What Does the Social Care Cap mean for most people?
Eleven years, five Green Papers, and two U-turns since the Dilnot Commission recommended the introduction of a social care costs cap, the Government announced that that the long awaited care cap figure would be £86,000 from October 2023.
This was followed by news that the social care reforms will be funded by the Health and Social Care Levy, involving an increase of 1.25% in national insurance contributions. The Government conceded that over the first three years of the reforms, adult social care will receive less than half of the £12bn raised through the levy.
Ministers pushed the amendment through despite a Tory MP rebellion about a north /south property value divide. The media concentrated on the fact that only self-funded care payments would count towards the cap, not payments made by social services. Dilnot had recommended the latter to ensure a more level playing field between the haves and have nots.
Will people only pay £86,000 for lifetime care costs?
In a nutshell, no. The cap will only apply to the elements of a person’s care package that the local authority considers to be “personal care”. The person’s daily living costs, which will be set at a national rate of £200 per week, will not count towards the cap. All care home residents will have to pay £200 per week living costs throughout their stay in a care home – including after they reach the £86,000 cap.
Furthermore, the person’s progress to the £86,000 cap will be based on a weekly personal budget figure set by the local authority, and not the actual market costs that the person is paying.
At present, self-funders pay 42% more for the same care in the same care home as local authority funded residents.
The Government say that the new rules will require care homes to accept the lower local authority rate for private paying residents, but it is not clear how they intend to achieve this.
For example, if a person has a personal budget of £600 per week, but their care home placement costs £800 per week, plus £200 per week for living costs, their total will be £1000 per week. £600 will count towards the care cap and £400 will be excluded from the care cap. This means it will take 2.75 years for them to reach the £86,000 care costs cap. By then they would have spent £143,200.
At that stage the local authority will start paying £600 per week. If the care home don’t then agree to drop their fees to the local authority rate, this will leave the care home resident to find £400 per week or almost £21,000 per year for the rest of their time in the care home. This may mean they need to borrow against their home to pay the extra, or need a relative to pay a third party top up. This is not much different to the current system.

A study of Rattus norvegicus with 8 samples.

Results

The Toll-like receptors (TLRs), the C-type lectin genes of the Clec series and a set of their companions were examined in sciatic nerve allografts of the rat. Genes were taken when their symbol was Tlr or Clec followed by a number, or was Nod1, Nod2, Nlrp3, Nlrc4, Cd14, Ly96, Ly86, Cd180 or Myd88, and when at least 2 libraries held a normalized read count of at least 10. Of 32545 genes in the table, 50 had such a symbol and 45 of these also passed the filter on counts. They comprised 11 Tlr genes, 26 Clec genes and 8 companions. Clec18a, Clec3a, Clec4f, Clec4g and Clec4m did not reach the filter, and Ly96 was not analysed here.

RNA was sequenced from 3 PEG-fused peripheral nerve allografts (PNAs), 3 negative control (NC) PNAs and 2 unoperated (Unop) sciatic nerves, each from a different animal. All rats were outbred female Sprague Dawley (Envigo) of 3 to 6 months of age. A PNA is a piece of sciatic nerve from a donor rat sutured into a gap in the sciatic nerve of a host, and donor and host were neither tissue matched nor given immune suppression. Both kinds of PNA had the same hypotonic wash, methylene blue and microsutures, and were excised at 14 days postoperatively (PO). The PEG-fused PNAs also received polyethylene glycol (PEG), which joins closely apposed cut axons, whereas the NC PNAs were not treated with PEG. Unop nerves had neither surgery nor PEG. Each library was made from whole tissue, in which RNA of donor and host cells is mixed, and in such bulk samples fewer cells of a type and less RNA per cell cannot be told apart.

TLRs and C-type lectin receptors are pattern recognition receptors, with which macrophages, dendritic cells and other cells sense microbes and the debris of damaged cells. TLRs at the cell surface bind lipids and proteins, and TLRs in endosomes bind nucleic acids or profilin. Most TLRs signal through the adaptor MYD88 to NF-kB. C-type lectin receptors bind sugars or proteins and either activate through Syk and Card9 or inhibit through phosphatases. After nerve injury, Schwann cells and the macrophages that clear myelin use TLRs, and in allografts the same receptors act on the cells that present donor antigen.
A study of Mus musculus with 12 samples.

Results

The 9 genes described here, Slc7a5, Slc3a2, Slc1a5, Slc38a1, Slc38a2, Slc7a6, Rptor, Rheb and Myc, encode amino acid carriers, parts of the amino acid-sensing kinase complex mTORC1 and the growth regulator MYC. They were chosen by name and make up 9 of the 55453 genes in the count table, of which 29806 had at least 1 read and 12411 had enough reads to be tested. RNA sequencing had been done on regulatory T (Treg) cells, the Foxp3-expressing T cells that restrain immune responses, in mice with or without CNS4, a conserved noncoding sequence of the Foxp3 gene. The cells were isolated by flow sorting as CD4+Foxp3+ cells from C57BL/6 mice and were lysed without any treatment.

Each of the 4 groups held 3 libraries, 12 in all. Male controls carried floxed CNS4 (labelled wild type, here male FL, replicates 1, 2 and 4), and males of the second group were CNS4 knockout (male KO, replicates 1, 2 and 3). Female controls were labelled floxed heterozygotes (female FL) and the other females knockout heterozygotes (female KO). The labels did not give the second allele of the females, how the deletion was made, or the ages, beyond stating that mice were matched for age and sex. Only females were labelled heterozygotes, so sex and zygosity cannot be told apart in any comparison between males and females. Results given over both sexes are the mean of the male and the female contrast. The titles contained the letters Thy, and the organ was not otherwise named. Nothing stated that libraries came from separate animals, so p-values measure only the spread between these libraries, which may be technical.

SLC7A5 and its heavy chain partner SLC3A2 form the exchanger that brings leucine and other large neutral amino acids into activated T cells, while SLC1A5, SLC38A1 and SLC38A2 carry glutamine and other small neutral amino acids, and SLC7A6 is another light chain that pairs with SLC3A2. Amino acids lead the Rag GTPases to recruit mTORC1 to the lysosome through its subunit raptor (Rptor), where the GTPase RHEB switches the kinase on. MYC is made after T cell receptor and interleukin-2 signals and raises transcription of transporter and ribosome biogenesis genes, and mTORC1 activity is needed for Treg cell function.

Will anyone be better off?
The main difference for people of modest means with long term support needs in a care home setting is that they will be able to keep the last £20,000 of their capital. Under the current rules, they can only keep the last £14,250 of their capital. So people will be just £5,750 better off. But this is where the capital thresholds would have got to if the Government had not frozen them under austerity measures in 2010.
Where someone has assets between £20,000 and £100,000, they are expected to use this to pay towards care costs on a tapered scale of 20% per year. So they may end up with more than £20,000 inheritance to leave to their family if they do not outlive their limited savings.
However, someone who starts the care journey, whether at home or in a care home, with assets significantly above £100,000 will be considerably better off under the new means tested care fee cap rules.
Under the current rules, a care home resident with £500,000 in assessable assets has to self-fund their placement for almost 8 years before the local authority step in; and will have only £23,250 to leave as inheritance. The new rules allow this person to save £31,000 per year from their assets after they reach the cap.
Will the social care reforms help anyone?
In 2020/21, there were 841,000 people in England receiving long term support from social services, and 50% of these are working aged adults. What matters to them is not what they can leave as inheritance, but being able to receive sufficient basic hours per week of good quality care and avoiding further cuts to their support package.
The reality is that the proposed care cap reforms will make little difference to most people with long term care and support needs; and most people will continue to pay much more than £86,000 in their lifetime.
The White Paper promises “choice, control and support to live independent lives”, together with “outstanding quality and tailored care and support”. These are impressive ideals, but they will never become a reality unless local authorities are properly resourced in order to implement them.
It is hard to see how the Government’s reform, which is focused on limiting the amount that the wealthiest in society pay towards their care costs, will address the key issue of inequality in social care.
If you need advice about planning or paying for care for yourself or a loved one, eligibility for state funding, or cuts to support packages, please contact us to speak to our expert Community Care Law team on 01273 609911, or email email@example.com.